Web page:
Has your car been repossessed? Learn how to get it back
There are instances in all of our lives where we fall on hard times. Too many things pile up at once: unexpected expenses; family emergencies; unforeseen illnesses; the loss of a job; the list goes on. When other bills make it impossible to keep up with your car payment, you could face repossession. When this happens, what are your options?
First off, try not to panic. If your car has been repossessed, there are usually steps that you can take to get it back. Having a car is incredibly important for many people. In fact, in a lot of cities, towns, and rural areas, it’s an absolute necessity. Without adequate public transportation, there’s not really any other way to get to or from work, the store, or anywhere else.
Try not to worry. Just follow a few simple steps, and you can assess your situation. From there, you can determine what (if anything) you can do to get your car back. Ready to get started? Read on.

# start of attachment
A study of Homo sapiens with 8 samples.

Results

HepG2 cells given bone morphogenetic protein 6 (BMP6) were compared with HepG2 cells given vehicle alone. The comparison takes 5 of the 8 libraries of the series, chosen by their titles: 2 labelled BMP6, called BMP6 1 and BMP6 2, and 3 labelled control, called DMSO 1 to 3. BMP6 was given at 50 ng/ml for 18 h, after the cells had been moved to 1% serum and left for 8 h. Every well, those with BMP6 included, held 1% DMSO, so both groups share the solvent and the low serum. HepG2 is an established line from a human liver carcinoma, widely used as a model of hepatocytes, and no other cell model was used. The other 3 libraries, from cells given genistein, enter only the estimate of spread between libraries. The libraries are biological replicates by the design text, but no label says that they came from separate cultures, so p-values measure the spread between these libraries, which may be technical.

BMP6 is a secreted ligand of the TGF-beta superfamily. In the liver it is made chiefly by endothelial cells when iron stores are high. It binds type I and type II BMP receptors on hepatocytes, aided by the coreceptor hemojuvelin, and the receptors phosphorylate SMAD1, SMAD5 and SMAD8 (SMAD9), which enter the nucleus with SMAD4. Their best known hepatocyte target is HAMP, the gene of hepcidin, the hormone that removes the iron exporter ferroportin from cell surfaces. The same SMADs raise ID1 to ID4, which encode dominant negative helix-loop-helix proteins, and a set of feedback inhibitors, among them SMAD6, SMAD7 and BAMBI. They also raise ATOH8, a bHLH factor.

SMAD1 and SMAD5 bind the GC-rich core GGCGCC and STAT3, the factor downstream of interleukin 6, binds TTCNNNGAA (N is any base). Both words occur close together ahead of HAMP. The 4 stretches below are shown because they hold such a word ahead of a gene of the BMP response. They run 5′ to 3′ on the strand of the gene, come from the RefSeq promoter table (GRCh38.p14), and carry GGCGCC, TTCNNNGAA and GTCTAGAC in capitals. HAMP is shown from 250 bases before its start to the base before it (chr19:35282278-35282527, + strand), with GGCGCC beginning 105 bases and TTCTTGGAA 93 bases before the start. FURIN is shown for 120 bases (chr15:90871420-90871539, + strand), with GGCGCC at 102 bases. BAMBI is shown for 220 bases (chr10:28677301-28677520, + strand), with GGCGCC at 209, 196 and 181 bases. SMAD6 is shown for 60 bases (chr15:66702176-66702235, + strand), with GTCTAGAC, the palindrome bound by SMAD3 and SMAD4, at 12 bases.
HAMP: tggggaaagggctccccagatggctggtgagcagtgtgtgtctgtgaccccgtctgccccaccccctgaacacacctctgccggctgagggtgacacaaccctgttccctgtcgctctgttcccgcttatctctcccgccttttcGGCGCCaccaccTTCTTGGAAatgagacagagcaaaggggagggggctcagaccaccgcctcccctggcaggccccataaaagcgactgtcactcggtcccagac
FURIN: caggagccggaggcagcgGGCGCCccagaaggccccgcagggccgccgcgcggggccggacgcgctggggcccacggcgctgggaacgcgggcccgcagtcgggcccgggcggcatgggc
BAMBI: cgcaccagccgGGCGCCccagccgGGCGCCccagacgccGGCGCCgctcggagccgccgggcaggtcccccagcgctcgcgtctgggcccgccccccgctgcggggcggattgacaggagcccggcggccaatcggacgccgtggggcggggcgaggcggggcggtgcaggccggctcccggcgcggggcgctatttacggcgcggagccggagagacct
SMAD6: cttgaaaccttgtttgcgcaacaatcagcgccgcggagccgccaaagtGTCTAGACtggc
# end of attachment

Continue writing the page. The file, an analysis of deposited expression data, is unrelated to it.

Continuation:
Find out what happened
This may sound obvious, but the first thing you need to do is determine why your car was repossessed. Generally, the reason is because you failed to make a certain number of payments. However, there are also less obvious causes that may be to blame. For example, if your insurance lapsed, or you failed to get insurance in the first place, this may be grounds for repossession (particularly with a leased vehicle). Contact the financial institution that provided your auto loan, and find out the details.
Recover your personal possessions
Legally, your lender only has a right to reclaim your vehicle. Any property inside it is yours, and they can’t hold onto it. If you had anything of value in your car that you want back, contact your lender and arrange to have those items returned to you.
Right of redemption
Generally speaking, if you pay off your loan balance, you have the right to redeem the car. This is called “right of redemption.” You can exercise this right by paying off the car before it’s sold to another buyer. If you’re interested in going this route, contact your lender.
Reinstatement of your loan
If you don’t have enough money to exercise your right of redemption, you can sometimes have your loan reinstated. This usually involves paying all of the back payments on the loan, along with some fees. Not all states and/or contracts allow this, so check with your lender.
Bottom line: talk to your lender
No matter which route you choose to go, the best thing you can do is talk to your lender. If you can’t afford redemption or reinstatement, they may still be able to work something out with you. Don’t give up: call your lender, and see if there’s a path forward.